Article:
Living, not working in factories of squalor

Don Makatile

Don Makatile

They are on the factory floor but they do not work here. They are inhabitants of a squatter settlement, an indoor shanty town.

A total of 86 rickety shacks are crammed in here, with whole families living check-by-jowl with strangers in the same predicament of having no house to call their own.

Number 15 2nd Street in Marlboro was once a business address. The sign outside proclaims it was APS House but a graffiti artist has since renamed it "Iraq".

The factory balcony is now used as a rendezvous spot for idle young men. The closest they have ever come to gainful employment has been living in a factory, not working in one.

This is where Lungiswa Mqoqi from Willowvale in the former Transkei lives with her boyfriend, Thembinkosi Bede, who has a job.

Mqoqi says she came to Johannesburg in 2002, like all hopefuls, to seek the proverbial gold in the city streets. All she's been able to find so far is the hardship of moving from factory to factory "buying shacks from people who have left".

She moved from No 20, she says, using the patois of the factory dwellers of Marlboro to refer to their living quarters.

"We bought a shack there for R650," she says about their stay in the previous space. "But those people were crooks."

It is not uncommon for a conman to appear and inform the factory-dwelling community he owns the building.

"That's how we end up paying rent to the wrong people," Mqoqi says.

Once rent has been collected over a considerable period the "owner" vanishes and another appears.

"That was when we decided never to pay a cent again to anyone," Mqoqi says.

Her home is not only small, it is a study in claustrophobia. To sit in her lounge, a visitor has to keep the door ajar with one foot.

Not even the electricity, towards which each shack dweller contributed R50 to meet the R3 500 bill earlier in the year, gives this home a modicum of dignity.

The biggest problem here is theft, she says, explaining why she spends her days circling her turf like a mother hen her chicks.

Bulelani Dlamini is 23. Like Mqoqi she is kept by her working lover. Her one child, to Mqoqi's four, lives in Msinga, KwaZuluNatal, while she hopes to find a job.

"I can't leave," she says. "People here steal even in broad daylight."

She does not want to bring her child Sakhiso to Johannesburg because of the threat of fire.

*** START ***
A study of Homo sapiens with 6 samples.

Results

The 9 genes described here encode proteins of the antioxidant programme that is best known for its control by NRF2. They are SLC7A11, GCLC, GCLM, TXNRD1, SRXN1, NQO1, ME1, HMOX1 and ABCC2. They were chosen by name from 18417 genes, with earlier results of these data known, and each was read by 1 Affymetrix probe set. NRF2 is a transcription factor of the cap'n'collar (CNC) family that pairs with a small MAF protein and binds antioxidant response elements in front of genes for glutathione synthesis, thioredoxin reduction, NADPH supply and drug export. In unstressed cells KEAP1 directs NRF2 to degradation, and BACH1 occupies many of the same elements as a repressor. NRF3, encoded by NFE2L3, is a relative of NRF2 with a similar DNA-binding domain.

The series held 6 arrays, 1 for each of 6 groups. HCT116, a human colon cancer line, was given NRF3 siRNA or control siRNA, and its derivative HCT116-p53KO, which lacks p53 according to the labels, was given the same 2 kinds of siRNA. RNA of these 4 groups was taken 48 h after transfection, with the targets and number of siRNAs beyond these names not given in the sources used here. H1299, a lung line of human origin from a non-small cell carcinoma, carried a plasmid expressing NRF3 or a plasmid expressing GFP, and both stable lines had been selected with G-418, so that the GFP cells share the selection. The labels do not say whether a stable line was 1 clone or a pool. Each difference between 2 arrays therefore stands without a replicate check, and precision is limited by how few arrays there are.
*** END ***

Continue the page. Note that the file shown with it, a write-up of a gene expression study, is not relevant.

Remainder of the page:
Her fears are not unfounded. According to community leader Malakia Ndou, a former factory in the vicinity, occupied by squatters, was gutted three times "but people still go back there".

While rampant theft has taught others to be vigilant and not leave their homes unguarded, some have theirs padlocked.

The passages are narrow and present a major fire hazard. One can only imagine how, should a fire break out, the passages would prevent speedy evacuation.

Lovemore Ndlovu from Ladysmith makes a living as a cobbler, repairing the shoes of ZCC members, the church whose badge he wears proudly on his lapel.

He can make R800 in a good month, a windfall many here can only dream of.

Ndlovu's biggest gripe is that there are no working toilets in the building: "We go out to the tavern to relieve ourselves."

Malakia Ndou came here from Limpopo in 1999 to live in a backyard room in Alexandra.

Having discovered that he could pay lower rent by living in factories, he has been living in them, moving from one to the other.

There are 37 factories in the area "and so far four companies have evicted people".

He's lost a lot of money to people who claimed to own the factories.

"Had I been in a flat I'd have long finished paying for it," he says.

Ndou says that he, his wife and three children are not moving until the City of Johannesburg offers them decent housing.

He points to his current abode across the road. His is one of 69 shacks holed up there, he says.

Ndou owns a fruit and vegetable stall outside the building to provide for his family.

But he is adamant about having his own house.

This part of Marlboro is a picture of rat-infested squalor, where the smell of human waste is overwhelming and children compete with goats for a place to play.

Disease is everywhere. But still, this is home, and to some, the only home they can imagine.